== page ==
Getting the best educational outcomes for all our kids

By Claire Absolum, 28 June 2017 , Comments

Last week Senator Pauline Hanson found herself at the centre of a media storm when she stated in Parliament that it would be better if children with disabilities were removed from mainstream classrooms so they could be taught in “special classrooms”.

These comments received widespread condemnation from all sides of politics as well as numerous parent and disability advocacy groups. They also prompted widespread discussion on social and traditional media from people with disability about their educational experiences.

People With Disabilities ACT campaign manager Craig Wallace said; “I attended three special schools until Year 9. No Maths, English, Science, History or Geography – we made clay pots”.

Mr Wallace said the school he attended was like a warehouse where children with disabilities were “shunted away” and given a cheap, second rate education.

In contrast, Northcott customer Alex Dennis went to Balmain High School in the late 1990s. Alex lives with Spina Bifida and his school had a support unit where students with physical disability were either integrated into mainstream classes or put into separate classes depending on their level of ability.

Alex was enrolled in a mainstream class which he found to be a positive experience. “I found the assistance I received from either support unit teachers or the aides [really] valuable” he says although he also recalls these resources to be constantly “underfunded or going through cuts”. Alex thinks the key issue that needs to be addressed is funding. As he says; “we need to properly fund and grow support units in schools so teachers, principals and students with disabilities can get the tools they need… There are plenty of kids with disabilities who are absolutely fantastic and eager to learn but the system is failing them”. 

Jason, who is also a Northcott customer, is 34 and has cerebral palsy. He was the first child with a physical disability to attend his mainstream school and he had a similar experience to Alex. Jason found that being at that school opened him up to a range of different experiences he would be otherwise not have been exposed to and he felt it was helpful for all students.  As he says; “I think it’s mutually beneficial for everyone as it teaches kids how the real world works. My class mates got to experience being with kids who have disabilities and we got to experience being with kids who didn’t have disabilities.  Of course allowances need to be made and they should be allowed for but I think separating people would be a backward step.”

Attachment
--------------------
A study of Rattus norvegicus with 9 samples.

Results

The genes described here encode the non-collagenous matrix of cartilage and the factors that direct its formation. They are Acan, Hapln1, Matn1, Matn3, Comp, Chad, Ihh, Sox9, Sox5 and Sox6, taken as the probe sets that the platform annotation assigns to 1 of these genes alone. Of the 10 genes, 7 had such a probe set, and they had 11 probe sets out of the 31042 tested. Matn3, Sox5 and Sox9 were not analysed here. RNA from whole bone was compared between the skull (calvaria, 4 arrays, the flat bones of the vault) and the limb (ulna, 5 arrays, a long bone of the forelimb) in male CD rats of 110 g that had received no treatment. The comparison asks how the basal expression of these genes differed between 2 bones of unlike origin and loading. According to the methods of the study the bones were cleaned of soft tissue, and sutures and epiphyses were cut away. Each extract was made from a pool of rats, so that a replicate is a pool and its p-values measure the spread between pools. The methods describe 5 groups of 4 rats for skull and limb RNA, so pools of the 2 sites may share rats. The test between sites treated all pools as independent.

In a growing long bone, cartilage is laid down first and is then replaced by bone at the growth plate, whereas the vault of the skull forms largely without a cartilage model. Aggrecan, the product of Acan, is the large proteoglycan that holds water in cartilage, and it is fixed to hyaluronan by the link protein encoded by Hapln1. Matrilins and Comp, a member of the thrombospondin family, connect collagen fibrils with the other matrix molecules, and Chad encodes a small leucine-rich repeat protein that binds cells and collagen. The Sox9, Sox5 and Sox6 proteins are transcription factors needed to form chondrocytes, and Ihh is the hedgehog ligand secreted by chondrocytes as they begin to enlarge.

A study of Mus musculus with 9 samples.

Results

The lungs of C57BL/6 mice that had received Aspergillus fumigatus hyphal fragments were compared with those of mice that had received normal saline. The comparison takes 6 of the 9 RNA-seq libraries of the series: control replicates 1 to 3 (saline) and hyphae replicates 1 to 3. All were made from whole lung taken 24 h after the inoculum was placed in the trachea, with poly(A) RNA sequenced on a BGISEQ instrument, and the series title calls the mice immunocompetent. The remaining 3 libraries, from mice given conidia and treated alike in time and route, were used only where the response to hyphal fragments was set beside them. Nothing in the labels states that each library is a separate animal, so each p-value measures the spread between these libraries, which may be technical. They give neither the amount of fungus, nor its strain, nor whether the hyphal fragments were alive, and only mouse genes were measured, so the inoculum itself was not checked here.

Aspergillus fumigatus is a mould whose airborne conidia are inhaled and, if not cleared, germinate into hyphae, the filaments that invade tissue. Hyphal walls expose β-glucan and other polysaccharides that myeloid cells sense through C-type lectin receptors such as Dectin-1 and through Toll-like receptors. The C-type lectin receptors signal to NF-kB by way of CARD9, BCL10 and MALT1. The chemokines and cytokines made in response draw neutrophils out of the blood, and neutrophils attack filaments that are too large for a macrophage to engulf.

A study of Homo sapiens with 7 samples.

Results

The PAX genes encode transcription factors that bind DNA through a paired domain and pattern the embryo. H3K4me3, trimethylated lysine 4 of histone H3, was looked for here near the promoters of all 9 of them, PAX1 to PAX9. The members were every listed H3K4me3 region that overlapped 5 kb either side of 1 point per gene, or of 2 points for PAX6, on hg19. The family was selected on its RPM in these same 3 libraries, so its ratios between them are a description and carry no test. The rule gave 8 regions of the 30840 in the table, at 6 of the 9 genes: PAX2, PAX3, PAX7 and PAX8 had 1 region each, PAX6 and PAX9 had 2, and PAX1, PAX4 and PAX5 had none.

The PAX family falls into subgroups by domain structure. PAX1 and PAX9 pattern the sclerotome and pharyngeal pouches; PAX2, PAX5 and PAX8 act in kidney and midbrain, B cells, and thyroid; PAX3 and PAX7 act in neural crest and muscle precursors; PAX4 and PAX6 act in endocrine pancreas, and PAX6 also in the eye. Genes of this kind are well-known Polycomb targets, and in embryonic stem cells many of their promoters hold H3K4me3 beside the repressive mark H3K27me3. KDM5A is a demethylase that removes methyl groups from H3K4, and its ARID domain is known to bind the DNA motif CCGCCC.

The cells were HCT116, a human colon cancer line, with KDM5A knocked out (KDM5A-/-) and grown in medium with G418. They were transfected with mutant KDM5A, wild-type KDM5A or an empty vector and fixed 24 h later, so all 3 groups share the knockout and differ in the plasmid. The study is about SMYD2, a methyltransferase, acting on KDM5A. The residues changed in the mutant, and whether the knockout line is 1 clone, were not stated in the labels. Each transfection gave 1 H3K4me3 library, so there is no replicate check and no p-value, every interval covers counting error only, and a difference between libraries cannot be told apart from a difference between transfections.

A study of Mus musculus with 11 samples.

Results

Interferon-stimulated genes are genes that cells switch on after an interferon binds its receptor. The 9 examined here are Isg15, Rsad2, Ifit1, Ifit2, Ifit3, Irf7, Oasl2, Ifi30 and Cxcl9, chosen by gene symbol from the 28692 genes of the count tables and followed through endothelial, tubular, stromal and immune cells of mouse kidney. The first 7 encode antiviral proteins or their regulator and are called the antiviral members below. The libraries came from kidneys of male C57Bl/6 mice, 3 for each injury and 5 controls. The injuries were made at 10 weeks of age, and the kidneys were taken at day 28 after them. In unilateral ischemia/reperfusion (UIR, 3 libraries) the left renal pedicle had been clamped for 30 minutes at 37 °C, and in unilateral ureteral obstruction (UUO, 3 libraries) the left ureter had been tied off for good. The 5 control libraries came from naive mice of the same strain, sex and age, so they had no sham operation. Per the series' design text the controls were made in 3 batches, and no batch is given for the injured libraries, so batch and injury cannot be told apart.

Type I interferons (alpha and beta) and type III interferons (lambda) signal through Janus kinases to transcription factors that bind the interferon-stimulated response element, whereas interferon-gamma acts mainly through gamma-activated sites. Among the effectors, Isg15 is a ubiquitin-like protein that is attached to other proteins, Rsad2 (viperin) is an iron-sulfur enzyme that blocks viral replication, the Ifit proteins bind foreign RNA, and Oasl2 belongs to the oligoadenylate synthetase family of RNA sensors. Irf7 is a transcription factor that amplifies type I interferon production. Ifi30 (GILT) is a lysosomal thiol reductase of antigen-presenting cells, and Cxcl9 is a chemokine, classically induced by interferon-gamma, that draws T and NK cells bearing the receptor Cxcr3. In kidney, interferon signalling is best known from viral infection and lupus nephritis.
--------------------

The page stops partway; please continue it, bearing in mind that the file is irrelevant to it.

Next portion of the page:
Northcott’s CEO Kerry Stubbs wants to see kids with disability have the same access to a first class education as every other child in Australia. As she says; “this is what they are entitled to and this is what they deserve. How kids with disability are best served to receive this education is a question for educators and the children’s parents to decide. While children with disability are all individuals with individual needs, we strongly believe that inclusion of kids, and adults with disability into all aspects of community life enriches the lives and experiences not only of people with disability and their families but the entire population. In order to enable full inclusion of kids with disability, all schools need to have access to the level of funding, resourcing and teacher training required to make it happen.”

To find out how Northcott can support your child at school click here.